Hunters hit marks as deer season opens

November 25, 2000

Hunters hit marks as deer season opens

By RICHARD F. BELISLE / Staff Writer

DOWNSVILLE - Charlie Settles was having lunch at the counter of the Downsville General Store with his friend Cory "Slick" Overcash Saturday afternoon talking about the morning hunt.

"We saw 14 deer this morning but no bucks," he said. "We're going back out this afternoon."

A check with Settles later in the day Saturday found their luck wasn't any better.

Meanwhile, by 2:15 p.m., the store had checked in 64 deer.

Richard Troxell Jr., and his son, Richard Troxell III, were standing near a pick-up truck showing off an 8-point buck Richard Jr. brought down with a shotgun slug and a six-pointer his son got with a muzzle loader.

"It was a long shot. He was running a doe and I didn't think I hit him until I saw the blood trail," the elder Troxell said. "He went about 250 yards before he dropped."


Troxell's son said his buck was about 60 yards out when he spotted it. He said he called the deer on a "grunt" call, which makes a sound like a buck in mating season. The deer turned, giving the younger Troxell a shot.

"I hit him in the neck and he dropped like a box of rocks," he said.

"I started hunting rabbits when I was 5," said Settles, 60.

He said he's bagged about 150 deer over the years.

"Up until about three years ago I ate them, but then I got tired of venison so I began to give it away," Settles said. "Every year I get two deer, skin and butcher them and give them to friends. They used to hunt until they got too old, but they still like venison."

On Saturday Settles took Overcash, 13, hunting.

"I like taking the kids out and showing them," he said.

"He got a six-point on the day of the youth hunt (Nov. 11). It was a clean shot, in the neck and he dropped right there.

"I teach them to bring them down. I don't want to see nothin' suffer," Settles said.

Millard Householder, 68, was sitting next to Settles at the counter.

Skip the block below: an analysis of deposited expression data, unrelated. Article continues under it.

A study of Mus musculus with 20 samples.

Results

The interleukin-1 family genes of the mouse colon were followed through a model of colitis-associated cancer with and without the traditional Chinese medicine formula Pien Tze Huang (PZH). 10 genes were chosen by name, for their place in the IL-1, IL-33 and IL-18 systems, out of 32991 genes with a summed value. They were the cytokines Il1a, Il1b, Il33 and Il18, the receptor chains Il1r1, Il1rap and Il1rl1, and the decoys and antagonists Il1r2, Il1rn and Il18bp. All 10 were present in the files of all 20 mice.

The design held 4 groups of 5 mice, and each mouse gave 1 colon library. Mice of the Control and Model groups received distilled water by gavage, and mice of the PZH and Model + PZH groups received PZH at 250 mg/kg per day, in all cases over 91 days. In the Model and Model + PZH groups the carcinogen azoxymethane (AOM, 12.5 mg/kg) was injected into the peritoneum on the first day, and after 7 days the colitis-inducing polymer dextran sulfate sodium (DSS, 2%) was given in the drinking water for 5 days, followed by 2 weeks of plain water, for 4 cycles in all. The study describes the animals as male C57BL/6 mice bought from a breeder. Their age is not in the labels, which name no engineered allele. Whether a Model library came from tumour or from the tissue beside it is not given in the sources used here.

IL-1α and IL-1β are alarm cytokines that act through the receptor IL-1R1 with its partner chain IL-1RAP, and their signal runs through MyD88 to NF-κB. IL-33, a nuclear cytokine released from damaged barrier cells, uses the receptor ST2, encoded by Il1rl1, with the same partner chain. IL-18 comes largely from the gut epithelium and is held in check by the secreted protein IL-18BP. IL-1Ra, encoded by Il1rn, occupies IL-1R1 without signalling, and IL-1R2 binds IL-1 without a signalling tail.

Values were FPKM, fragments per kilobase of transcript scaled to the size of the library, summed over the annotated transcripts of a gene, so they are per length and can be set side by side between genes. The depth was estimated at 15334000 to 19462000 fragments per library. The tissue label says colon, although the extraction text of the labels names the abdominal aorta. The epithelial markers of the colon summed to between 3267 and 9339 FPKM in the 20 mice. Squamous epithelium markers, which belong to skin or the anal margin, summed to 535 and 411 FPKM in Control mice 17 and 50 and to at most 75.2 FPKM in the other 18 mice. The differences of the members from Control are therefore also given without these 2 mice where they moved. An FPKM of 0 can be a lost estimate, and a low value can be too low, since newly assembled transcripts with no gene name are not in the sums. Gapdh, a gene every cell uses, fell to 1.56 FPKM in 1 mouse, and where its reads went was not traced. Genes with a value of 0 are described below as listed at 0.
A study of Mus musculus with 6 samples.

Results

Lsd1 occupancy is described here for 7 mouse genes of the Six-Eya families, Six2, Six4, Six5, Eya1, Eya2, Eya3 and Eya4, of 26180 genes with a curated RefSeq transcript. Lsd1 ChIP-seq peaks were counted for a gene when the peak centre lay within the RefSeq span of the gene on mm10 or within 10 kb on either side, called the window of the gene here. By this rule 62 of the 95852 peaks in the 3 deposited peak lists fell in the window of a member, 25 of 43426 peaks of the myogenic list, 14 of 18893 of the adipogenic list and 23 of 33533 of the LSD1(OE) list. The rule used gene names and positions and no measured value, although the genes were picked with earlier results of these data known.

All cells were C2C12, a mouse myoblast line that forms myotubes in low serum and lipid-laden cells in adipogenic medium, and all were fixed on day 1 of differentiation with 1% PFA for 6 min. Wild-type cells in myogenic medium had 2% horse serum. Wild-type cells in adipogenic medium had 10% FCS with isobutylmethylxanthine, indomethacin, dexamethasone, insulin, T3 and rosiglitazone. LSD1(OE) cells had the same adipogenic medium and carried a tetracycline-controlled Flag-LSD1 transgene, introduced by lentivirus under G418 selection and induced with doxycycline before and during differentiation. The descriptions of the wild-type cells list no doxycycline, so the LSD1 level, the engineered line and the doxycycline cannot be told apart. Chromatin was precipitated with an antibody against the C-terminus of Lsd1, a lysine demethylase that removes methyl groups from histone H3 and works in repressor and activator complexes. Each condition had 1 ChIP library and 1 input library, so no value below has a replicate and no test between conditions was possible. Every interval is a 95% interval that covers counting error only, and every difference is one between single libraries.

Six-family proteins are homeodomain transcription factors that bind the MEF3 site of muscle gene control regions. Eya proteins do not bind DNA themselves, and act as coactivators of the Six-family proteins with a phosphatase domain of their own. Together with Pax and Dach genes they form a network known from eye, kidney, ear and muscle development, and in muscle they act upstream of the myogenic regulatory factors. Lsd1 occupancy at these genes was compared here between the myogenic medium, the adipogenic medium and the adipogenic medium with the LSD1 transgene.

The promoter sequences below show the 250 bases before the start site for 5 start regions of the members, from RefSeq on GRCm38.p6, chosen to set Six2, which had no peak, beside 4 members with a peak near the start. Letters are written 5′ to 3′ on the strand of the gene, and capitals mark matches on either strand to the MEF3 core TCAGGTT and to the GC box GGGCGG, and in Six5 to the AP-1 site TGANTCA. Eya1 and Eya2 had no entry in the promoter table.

Householder said he went deer hunting once, back in 1951, his first and only time.

"I was with my brother," he said. "He told me to sit in this tree and wait.

"I waited for a couple of hours in the rain and sleet then I went to the car. That was my last hunting trip."

Gary Clark of Hagerstown checked in an 8-pointer at Keystone Sporting Goods at 13611 Pennsylvania Ave. Saturday afternoon. He shot it on Sideling Hill.

"I picked out a spot that I thought looked good," he said. "It was around 6 a.m.

"When I find a good spot I stay all day if I have to. This one came by around noon."

He downed the animal with a shotgun.

Clark, 48, is a lifelong deer hunter.

"This one makes number 61," he said.

He hunts with muzzle loaders, a bow and arrow, shotgun and rifle.

Clark said he was borrowing trouble from his wife Saturday when he put his deer into a plastic garbage bag then into the back of his wife's new two-door Neon sedan.

"My truck wouldn't start this morning so I took her car," he said, trying to wipe off a blood stain on the carpeting in the trunk.

"She'll kill me when I get home. I got to get my truck fixed."

Hunters were coming to the store in a steady stream Saturday afternoon. Some had two and three deer sprawled in their pick-up beds.

The store had logged 214 animals as of 3:30 p.m.

Michael Fazenbaker, a wildlife technician with the Maryland Department of Natural Resources, was in the parking lot with a device to weigh the deer. It wasn't mandatory, but most hunters wanted to know how much their kills weighed.

Karina Blizzard, education coordinator for the DNR's Wildlife Heritage Division in Grantsville, Md., helped Fazenbaker weigh the deer, check their teeth to determine their age and check the does to see if they had mated too young.